Looking at Risks and Side Effects

New truck cab designs promise lower fuel consumption,– but also demand a rethinking of steering and wheelbase


However, this change also has implications for a truck’s steering and wheelbase. IAV is examining and optimizing new cab concepts on behalf of OEMs and has also presented a proprietary solution.
At present, the frontal area of a driver’s cab produces a high level of aerodynamic drag and excessive fuel consumption. Lengthening the cab and introducing larger curvatures would make it possible to improve the drag coefficient. But larger radii also demand a longer front end – precisely what the new EU directive is permitting. “As a result, the front end of a semi-trailer can be lengthened by as much as 80 centimeters”, explains Olaf Jacob, manager of the Truck Rolling Chassis project at IAV. “Its rear section can grow by up to 50 centimeters in length if aerodynamic tail end fairings are fitted to it.”

The measures to reduce fuel consumption, however, also come with side effects that need to be taken into consideration when modifying cab design. For instance, the legislator still demands that trucks must be able to drive through the turning circle (“BO-Kraftkreis”) defined by German Road Traffic Regulations. Even with a longer driver’s cab, they must remain within the prescribed radii when driving in a circle (12.5 meters on the outer circle, 5.3 meters on the inner circle). This can only be achieved if OEMs modify the steering and wheelbase of semitrailer trucks.

Higher load on the front axle

In addition, truck cabs are getting heavier and heavier. “Equipping them with comfort features, such as engine-independent air-conditioning, and the growing number of control units are constantly increasing their weight in spite of lightweight construction” Jacob says. “But this is leading to higher loads on the front axle.” Among other aspects, this has implications for the parking brake. Under the new conditions, it must reliably prevent the vehicle from moving even on a downhill gradient of up to 18 percent. Also still applicable is the requirement for at least 25 percent of the vehicle’s weight to be supported by the rear axle in order to transfer sufficient brake power to the road.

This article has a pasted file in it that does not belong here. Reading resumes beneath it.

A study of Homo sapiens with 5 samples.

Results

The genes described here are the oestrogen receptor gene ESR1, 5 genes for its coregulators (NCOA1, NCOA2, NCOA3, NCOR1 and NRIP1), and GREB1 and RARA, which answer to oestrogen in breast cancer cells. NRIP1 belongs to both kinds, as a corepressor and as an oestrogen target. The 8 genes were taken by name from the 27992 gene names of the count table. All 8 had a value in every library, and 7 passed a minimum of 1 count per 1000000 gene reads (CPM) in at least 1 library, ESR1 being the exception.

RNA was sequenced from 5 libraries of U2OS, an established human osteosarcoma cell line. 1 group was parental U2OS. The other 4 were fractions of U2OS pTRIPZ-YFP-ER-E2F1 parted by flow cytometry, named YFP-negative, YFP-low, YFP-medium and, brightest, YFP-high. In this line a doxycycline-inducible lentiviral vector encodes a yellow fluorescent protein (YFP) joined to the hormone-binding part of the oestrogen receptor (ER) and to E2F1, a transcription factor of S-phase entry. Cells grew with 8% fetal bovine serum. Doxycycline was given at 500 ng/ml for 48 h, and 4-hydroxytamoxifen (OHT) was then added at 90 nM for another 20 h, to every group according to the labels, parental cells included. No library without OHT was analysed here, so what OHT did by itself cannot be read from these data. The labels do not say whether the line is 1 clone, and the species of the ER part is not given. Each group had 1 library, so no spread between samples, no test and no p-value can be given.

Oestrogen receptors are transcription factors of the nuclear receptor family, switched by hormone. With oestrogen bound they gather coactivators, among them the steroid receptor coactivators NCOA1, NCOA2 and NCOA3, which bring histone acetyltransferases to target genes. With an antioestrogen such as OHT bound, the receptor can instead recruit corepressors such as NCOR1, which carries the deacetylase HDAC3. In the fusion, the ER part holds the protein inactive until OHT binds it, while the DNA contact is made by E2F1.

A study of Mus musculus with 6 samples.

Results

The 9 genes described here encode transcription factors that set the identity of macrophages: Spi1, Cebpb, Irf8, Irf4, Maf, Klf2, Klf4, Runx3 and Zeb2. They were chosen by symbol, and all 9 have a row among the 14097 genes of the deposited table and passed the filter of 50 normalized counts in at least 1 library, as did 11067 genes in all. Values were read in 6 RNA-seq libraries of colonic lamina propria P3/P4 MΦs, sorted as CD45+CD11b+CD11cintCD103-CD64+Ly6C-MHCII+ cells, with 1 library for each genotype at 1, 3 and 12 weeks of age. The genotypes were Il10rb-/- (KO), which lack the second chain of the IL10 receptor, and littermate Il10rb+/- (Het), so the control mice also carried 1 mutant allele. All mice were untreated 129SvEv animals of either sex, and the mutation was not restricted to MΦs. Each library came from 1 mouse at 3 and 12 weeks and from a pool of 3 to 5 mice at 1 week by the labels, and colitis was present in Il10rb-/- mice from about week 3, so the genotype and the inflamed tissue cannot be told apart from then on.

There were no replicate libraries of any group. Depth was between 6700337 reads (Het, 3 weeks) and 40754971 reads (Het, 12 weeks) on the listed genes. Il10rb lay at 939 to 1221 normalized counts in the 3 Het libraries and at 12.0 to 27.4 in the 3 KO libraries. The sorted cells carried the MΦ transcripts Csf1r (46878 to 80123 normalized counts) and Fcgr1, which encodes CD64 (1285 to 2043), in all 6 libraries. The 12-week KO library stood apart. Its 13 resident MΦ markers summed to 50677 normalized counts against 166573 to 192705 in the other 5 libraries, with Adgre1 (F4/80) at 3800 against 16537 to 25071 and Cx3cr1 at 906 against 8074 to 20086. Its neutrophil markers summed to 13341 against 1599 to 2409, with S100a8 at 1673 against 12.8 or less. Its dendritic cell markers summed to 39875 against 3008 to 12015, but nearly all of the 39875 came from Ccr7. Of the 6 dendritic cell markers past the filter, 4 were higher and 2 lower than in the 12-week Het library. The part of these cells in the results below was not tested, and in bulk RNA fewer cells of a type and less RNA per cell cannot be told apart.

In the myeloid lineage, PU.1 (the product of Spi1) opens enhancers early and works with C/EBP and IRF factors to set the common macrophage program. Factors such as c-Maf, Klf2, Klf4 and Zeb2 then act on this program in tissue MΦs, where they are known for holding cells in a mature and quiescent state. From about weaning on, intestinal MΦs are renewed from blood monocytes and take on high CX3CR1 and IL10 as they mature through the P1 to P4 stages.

Possible countermeasures are: extending the wheelbase to the front; even greater use of lightweight design; layout changes, e. g. moving sub-frame components further towards the rear. “Our truck designers have a wealth of experience, such as in lightweight design”, Jacob says. “This enables us to examine and optimize our customers’ concepts.” IAV has also developed a design of its own for a truck tractor that improves aerodynamics and safety, and is also roadworthy. It involves lengthening the truck front end by 80 centimeters and moving the front axle by 40 centimeters.